To be continued: When TV series finales aren't quite finished

Jon Hamm as advertising executive Don Draper in "Mad Men."

"To everything there is a season," the Book of Ecclesiastes tells us. "A" season. Not "Part One" and "Part Two," our contributor Conor Knighton reminds today's entertainment producers:

Tonight, "Mad Men" kicks off its final season (the first half of it).

The final season FINALE won't air until well over a YEAR from now. AMC is splitting the seventh season into two parts -- seven episodes to air now, seven episodes to air in 2015!

I'm sure the Sterling Cooper and Partners gang would advertise this as GOOD for the viewer -- a way to really cherish every last moment with our favorite characters.

But as a fan, it's hard not to feel as if the network is just milking every last drop out of this successful series.

AMC has done it before. "Breaking Bad" aired its last season in two installments a year apart.

"Sex and the City," "The Sopranos" and "Battlestar Galactica" all made fans wait for months during their final acts.

There are a lot of reasons it can make sense to draw out the last season. Networks can maximize DVD sales and sponsorships; the show can compete in two different years of Emmys; and actors can sometimes be kept from getting a raise.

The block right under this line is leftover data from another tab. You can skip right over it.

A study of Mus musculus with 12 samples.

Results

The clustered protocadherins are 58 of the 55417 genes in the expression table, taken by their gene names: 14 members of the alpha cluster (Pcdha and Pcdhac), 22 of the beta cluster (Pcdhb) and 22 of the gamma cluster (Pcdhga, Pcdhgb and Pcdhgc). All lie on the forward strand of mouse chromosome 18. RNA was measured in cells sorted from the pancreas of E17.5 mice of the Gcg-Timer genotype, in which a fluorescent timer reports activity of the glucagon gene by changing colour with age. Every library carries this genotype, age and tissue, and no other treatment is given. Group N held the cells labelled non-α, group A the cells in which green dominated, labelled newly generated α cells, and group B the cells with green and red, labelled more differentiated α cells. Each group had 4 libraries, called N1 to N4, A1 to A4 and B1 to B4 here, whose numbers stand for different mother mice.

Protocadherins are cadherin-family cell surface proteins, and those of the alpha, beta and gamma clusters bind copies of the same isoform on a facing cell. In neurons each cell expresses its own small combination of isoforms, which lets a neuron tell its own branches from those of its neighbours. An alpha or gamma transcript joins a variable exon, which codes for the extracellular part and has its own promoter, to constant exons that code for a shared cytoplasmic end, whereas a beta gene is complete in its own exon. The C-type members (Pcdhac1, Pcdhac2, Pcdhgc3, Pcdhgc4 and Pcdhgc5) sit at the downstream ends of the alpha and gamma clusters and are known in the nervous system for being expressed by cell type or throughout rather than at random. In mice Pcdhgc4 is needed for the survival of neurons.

But as a viewer, these split ends are making me pull my hair out.

We're seeing it more and more at the box office. As with most things, I blame Harry Potter. The final Harry Potter book, "The Deathly Hallows," was split into two films. That prompted "Twilight" to split its final book into two films -- which prompted "The Hunger Games" to split its final book into two films. "Mockingjay Part 1" comes out this Thanksgiving season; "Part II" comes out in November of 2015.

Peter Jackson has turned "The Hobbit" -- a book that's only a little over 300 pages -- into three separate movies.

As long as viewers keep tuning in and buying tickets, we're going to continue to see these "To Be Continued" approaches.

I think that ...

Actually, if you want to know what else I think, you can catch the second half of this commentary in Spring of 2015.